Every December 1, I’m torn about what to write. Item #1: It’s World AIDS Day. “This year’s theme is “World AIDS Day 35: Remember and Commit.” This annual event serves as a reminder of the global struggle to end HIV-related stigma, an opportunity to honor those we have lost, and a rallying cry to commit to working toward a day when HIV is no longer a public health threat.
In the national goal of ending the HIV epidemic by 2030, GLAAD “noted an alarming generation gap. Gen Z, the youngest generation in population surveys, is the most diverse and most out LGBTQ generation in history. According to our study, Gen Z is also the least knowledgeable about HIV.” Ignorance is NOT bliss.
Here’s a JEOPARDY clue:
|#8974, aired 2023-11-16
|THE NAME OF THE LAW $1600: The Hate Crimes Prevention Act of 2009 was named for James Byrd Jr. & this Casper, Wyoming man
The $1,600 clue was a Triple Stumper, with no one even ringing in to say the name of Matthew Shepard, born on December 1, 1976, whose brutal death in Wyoming in 1998 because he was gay I mentioned here and elsewhere.
(In case you’ve forgotten Byrd, he was the black man “who was tied to a truck by two white supremacists and a third man who had no racist background, dragged behind it, and decapitated in Jasper, Texas” in the same year.”)
It only took a decade and a black President to enact the bill.
“The measure expands the 1969 United States federal hate-crime law to include crimes motivated by a victim’s actual or perceived gender, sexual orientation, gender identity, or disability.
“The bill also:
- Removes, in the case of hate crimes related to the race, color, religion, or national origin of the victim, the prerequisite that the victim be engaging in a federally protected activity, like voting or going to school;
- Gives federal authorities greater ability to engage in hate crime investigations that local authorities choose not to pursue;
- Provides $5 million per year in funding for fiscal years 2010 through 2012 to help state and local agencies pay for investigating and prosecuting hate crimes;
- Requires the Federal Bureau of Investigation (FBI) to track statistics on hate crimes based on gender and gender identity (statistics for the other groups were already tracked).”
The other December 1st recollection involves Rosa Parks being arrested on a Montgomery city bus in 1955 for failing to cede her seat to a white man.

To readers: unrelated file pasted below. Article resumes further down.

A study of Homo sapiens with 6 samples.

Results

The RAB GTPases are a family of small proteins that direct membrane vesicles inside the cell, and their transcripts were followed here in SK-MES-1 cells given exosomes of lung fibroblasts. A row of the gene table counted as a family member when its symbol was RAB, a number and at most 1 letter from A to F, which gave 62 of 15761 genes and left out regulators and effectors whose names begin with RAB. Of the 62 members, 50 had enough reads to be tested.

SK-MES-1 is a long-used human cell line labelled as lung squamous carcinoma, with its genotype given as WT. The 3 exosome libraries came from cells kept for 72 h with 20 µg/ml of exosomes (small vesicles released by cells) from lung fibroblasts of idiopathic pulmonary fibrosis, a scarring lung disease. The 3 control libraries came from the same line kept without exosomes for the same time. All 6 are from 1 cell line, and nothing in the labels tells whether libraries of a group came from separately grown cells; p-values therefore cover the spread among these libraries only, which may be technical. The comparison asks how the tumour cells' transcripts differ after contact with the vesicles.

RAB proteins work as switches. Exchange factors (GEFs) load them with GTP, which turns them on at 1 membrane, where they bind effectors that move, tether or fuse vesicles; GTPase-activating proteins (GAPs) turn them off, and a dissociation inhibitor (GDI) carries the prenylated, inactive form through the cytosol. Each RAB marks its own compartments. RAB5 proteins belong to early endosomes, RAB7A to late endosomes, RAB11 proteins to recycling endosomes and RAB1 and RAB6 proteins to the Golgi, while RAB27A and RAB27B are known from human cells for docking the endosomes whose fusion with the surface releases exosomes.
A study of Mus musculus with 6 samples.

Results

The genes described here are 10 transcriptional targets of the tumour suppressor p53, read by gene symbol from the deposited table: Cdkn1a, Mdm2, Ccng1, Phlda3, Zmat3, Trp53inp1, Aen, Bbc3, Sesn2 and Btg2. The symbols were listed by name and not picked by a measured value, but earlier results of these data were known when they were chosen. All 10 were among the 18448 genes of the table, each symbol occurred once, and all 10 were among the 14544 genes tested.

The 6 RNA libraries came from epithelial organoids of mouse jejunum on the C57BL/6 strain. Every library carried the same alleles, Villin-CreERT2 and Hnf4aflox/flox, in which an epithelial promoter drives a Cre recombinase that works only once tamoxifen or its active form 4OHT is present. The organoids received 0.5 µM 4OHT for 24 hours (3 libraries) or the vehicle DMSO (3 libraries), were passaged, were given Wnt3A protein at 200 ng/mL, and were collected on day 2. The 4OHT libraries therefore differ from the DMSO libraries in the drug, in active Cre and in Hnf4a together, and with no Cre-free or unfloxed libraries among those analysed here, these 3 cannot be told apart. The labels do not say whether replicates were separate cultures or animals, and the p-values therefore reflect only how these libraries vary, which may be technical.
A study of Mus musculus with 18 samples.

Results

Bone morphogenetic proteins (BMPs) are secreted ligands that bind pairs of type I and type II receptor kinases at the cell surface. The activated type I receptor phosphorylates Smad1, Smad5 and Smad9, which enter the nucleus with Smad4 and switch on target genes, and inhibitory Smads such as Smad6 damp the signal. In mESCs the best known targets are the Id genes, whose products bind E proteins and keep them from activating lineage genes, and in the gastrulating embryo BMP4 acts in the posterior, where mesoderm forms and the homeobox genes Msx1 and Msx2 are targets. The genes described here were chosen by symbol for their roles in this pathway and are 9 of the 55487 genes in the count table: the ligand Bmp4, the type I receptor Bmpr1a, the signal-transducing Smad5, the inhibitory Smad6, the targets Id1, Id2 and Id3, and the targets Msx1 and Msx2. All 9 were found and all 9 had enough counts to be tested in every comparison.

As I noted back in 2010, Rosa was hardly the first person unwilling to give up her bus seat. Claudette Colvin had done the same nine months earlier, but she was young, loud, and brash.
What got me thinking about this was a new movie about Bayard Rustin, which I have not yet seen. He was the most important civil rights organizer that most people never heard of. It was his study of Gandhian nonviolence that informed much of Martin Luther King, Jr.’s strategies. He was also instrumental in forming the Southern Christian Leadership Conference and organized the 1963 March on Washington for Jobs and Freedom.
You probably didn’t know him because he was gay at a time when, at best, it was inconvenient to the civil rights movement. At worst, he could have been jailed.
This makes me think about how well we marginalize folks who either don’t fit a particular narrative or else we cast aspersions on them to make them less than.
The defense in the Shepard case suggested that his ruthless murder was just a drug purchase gone wrong.
Many high-profile murder of a black person while dealing with law enforcement since the Black Lives Matter movement began has involved the victims painted as criminals. George Floyd allegedly passed a counterfeit $20 bill. Philando Castile was stopped for a traffic violation. Eric Gardner was selling loose cigarettes. And so on.
So, December 1st often fills me with hope. The Civil Rights Act of 1964 and the Voting Rights Act of 1965 wouldn’t have happened if Martin Luther King Jr. and MANY others hadn’t used the Montgomery bus boycott as a launching pad for another phase of the Civil Rights movement.
But I have no illusion that these hard-won victories can’t be rolled back. Since Shelby County v. Holder, when SCOTUS gutted the Voting Right Act, the “Brennan Center has consistently found that states previously covered by the preclearance requirement have engaged in significant efforts to disenfranchise voters.”
Books being banned and challenged usually highlight black people, brown people, gay people, trans people… you get the drift.
My Christmas wish is for people to register and vote, not just in presidential years. Folks should be voting in school and library board selections, city and town council races, state and county legislative contests, etc. If possible, get involved in campaigns. Or – if you’re brave enough, and in this social media environment, it is brave – run yourself.